A crane manufacturer is looking for clues to explain what caused two of its tower cranes to sustain major damage during a deadly storm that blew through London in late October and caused travel delays, flooding and damage throughout western Europe.
A tower crane collapsed, causing no reported injuries, onto the roof of the U.K. government's Cabinet Office in London during the brief, so-called St. Jude's Day Storm on Oct. 28. A second, similar crane also was damaged by the storm a few miles south, according to the German manufacturer.
"We're still investigating the matter," says a spokesman for Jost Cranes GmbH. & Co. KG., Grasbrunn, which supplied the Cabinet Office with a JTL158 luffing crane to the project's rental supplier, City Lifting Ltd., Purfleet.
The Jost spokesman believes a second, similar crane also lost its jib in south London. The cranes are "completely state of the art," he says. Jost has supplied more than 100 units to the U.K. over the past eight years, the spokesman adds.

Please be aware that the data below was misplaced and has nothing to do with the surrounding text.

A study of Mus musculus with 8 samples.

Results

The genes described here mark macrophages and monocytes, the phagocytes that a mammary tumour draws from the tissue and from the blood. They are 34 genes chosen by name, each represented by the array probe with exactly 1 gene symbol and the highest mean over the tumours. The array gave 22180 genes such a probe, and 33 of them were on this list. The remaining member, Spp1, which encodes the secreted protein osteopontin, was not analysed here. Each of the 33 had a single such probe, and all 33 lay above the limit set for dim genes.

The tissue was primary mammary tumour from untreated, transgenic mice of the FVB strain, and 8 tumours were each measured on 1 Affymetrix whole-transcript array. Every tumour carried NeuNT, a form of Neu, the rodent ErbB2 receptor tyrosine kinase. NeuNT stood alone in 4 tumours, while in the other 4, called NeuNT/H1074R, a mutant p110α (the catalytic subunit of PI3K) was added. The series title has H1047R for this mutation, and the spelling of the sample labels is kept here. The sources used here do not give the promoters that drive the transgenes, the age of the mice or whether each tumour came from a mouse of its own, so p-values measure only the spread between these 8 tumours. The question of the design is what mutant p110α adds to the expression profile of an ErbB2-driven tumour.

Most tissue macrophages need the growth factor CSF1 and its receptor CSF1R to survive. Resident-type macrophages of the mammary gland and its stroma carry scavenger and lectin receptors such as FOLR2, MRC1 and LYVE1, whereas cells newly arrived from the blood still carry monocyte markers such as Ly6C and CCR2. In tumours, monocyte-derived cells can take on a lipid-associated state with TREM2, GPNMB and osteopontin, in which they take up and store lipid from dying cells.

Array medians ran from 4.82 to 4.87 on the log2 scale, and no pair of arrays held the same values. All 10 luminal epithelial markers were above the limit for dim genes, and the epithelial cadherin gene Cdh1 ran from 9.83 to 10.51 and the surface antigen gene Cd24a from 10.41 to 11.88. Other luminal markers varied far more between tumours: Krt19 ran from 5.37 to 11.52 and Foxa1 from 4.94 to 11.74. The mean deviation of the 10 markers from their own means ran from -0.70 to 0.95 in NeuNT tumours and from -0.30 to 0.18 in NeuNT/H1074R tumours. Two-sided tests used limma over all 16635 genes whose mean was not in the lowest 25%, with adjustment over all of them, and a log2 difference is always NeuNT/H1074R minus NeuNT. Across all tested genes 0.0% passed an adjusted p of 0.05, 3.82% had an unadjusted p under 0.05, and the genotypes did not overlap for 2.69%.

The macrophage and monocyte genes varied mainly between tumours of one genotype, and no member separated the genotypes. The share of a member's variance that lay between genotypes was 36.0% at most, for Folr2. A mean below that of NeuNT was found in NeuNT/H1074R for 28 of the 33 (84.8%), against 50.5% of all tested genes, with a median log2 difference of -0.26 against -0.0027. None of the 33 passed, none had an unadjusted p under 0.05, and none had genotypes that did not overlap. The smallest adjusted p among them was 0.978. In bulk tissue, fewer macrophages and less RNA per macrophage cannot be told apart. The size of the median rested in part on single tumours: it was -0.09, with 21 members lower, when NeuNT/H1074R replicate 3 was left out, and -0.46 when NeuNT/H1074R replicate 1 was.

The crane at the Cabinet Office was due for removal a day before the storm struck, says Bob Jones, a director of City Lifting. However, the build up of wind prevented the dismantling operation, he adds. City Lifting was due to complete the crane's removal on Oct. 29.
The crane collapse damaged the roof and balustrade of the mid-19th-century Cabinet Office building, which is next to Downing Street, the prime minister's residence. The building's staff members were back at work in unaffected areas the day after the incident, says a government spokesman.
Winds generally gusted at around 70 miles per hour as they hit southern England in the early morning of Oct. 28. Gusting was most severe along the south coast, peaking at 99 miles per hour on the Isle of Wight, says a spokeswoman for the U.K. Meteorological Office.